Subfamily: Orthoretrovirinae

Genus: Alpharetrovirus


Distinguishing features

Virus particles assemble at the plasma membrane and exhibit a “C-type” morphology. Viruses in the genus have an envelope TM protein with an internal fusion peptide flanked by two cysteines, whereas viruses in the other genera typically have an N-terminal fusion peptide. Many oncogene-containing members of the genus have been isolated. 



Virus particles assemble at the plasma membrane and exhibit a “C-type” morphology.

Physicochemical and physical properties

See discussion under family description

Nucleic acid

See discussion under family description


Approximate protein sizes are: matrix (MA) 19 kDa ; p10 10 kDa ; capsid (CA) 27kDa; nucleocapsid (NC) 12 kDa; protease (PR) 15 kDa; reverse transcriptase (RT) 68 kDa; integrase (IN) 32 kDa; surface envelope protein (SU) 85 kDa; and transmembrane envelope protein (TM) 37 kDa. The SU and TM subunits of Env are covalently linked by an inter-subunit disulfide bond. 

Genome organization and replication

The genome is about 7.2 kb (one monomer) (Figure 1. Alpharetrovirus). There are no known viral replication genes additional to gag, pro, pol and env. Some members of the genus also encode oncogenes, although these are usually in the context of defective genomes (Martin 2004). For example, the replication-defective alpharetroviruses can be distinguished from Rous sarcoma virus by the variable deletion of portions of the gag, pol and env genes and the presence of a unique oncogene in each species.  The tRNA primer is tRNATrp. The long terminal repeat (LTR) is about 350 nt of which the U3 region is 250 nt, the R sequence is 20 nt and the U5 region is 80 nt.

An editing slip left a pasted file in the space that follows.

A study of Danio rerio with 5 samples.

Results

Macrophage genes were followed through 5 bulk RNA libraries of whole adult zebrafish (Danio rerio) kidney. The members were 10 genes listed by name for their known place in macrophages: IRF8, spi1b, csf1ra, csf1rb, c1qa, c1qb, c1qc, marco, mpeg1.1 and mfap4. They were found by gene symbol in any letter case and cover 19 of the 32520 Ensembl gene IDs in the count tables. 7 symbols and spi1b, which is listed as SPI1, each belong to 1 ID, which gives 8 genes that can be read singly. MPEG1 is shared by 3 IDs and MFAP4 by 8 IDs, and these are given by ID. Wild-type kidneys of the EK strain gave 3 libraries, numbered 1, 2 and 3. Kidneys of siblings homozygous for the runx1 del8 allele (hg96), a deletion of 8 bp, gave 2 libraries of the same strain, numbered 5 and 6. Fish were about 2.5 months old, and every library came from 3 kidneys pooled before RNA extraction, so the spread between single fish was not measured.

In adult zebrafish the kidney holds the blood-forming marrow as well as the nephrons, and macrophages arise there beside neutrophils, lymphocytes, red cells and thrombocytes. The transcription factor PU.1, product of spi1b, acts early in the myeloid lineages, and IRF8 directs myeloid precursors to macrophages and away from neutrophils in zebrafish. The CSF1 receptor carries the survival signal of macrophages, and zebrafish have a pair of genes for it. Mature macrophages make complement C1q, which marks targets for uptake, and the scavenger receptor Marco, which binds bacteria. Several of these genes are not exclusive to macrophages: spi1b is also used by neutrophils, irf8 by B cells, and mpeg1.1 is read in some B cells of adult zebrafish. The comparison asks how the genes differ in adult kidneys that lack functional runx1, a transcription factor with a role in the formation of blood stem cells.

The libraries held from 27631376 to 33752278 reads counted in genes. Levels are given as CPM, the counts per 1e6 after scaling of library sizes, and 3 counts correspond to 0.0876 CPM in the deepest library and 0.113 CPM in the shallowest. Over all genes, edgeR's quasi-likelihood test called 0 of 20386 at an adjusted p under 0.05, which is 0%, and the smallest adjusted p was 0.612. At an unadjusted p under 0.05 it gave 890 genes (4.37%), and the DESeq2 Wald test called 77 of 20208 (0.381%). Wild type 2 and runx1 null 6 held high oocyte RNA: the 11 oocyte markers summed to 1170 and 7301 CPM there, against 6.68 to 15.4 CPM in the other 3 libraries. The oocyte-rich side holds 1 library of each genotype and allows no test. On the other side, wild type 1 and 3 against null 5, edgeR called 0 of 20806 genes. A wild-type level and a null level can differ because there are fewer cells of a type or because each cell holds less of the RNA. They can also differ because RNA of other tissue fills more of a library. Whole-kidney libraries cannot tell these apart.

Figure 1.  Alpharetrovirus. Alpharetrovirus genome organization. The 7.2 kbp avian leukosis virus (ALV) provirus is shown, with LTRs, genes (gag, pro, pol and env) and transcripts (solid line arrows with protein names added) marked. The pol gene is expressed as a result of a ribosomal frameshift.


The viruses have a widespread distribution and include both exogenous (vertical and horizontal transmission) and endogenous viruses of chickens and some other birds. Isolates of avian leukosis virus (ALV) are classified into subgroups (e.g. -A, -J) by their distinct receptor usage (Barnard et al., 2006, Chai and Bates 2006, Lindemann et al., 2013). Related endogenous sequences are found in birds and mammals. Virus infections are associated with malignancies and some other diseases such as wasting, and osteopetrosis. Multiple alpharetroviral oncogenes have been described; for example, Rous sarcoma virus strains encode the src oncogene, whereas members of species Avian myeloblastosis virus encode the myb oncogene.

Species demarcation criteria

Species demarcation criteria include differences in genome sequences and differences in gene product sequences. For example, members of the species Avian leukosis virus can be readily distinguished from those of the species Rous sarcoma virus because they lack oncogene sequences while still encoding gag, pol and env. Host range, defined by SU interaction with a specific receptor, is more commonly used in defining strains within a species.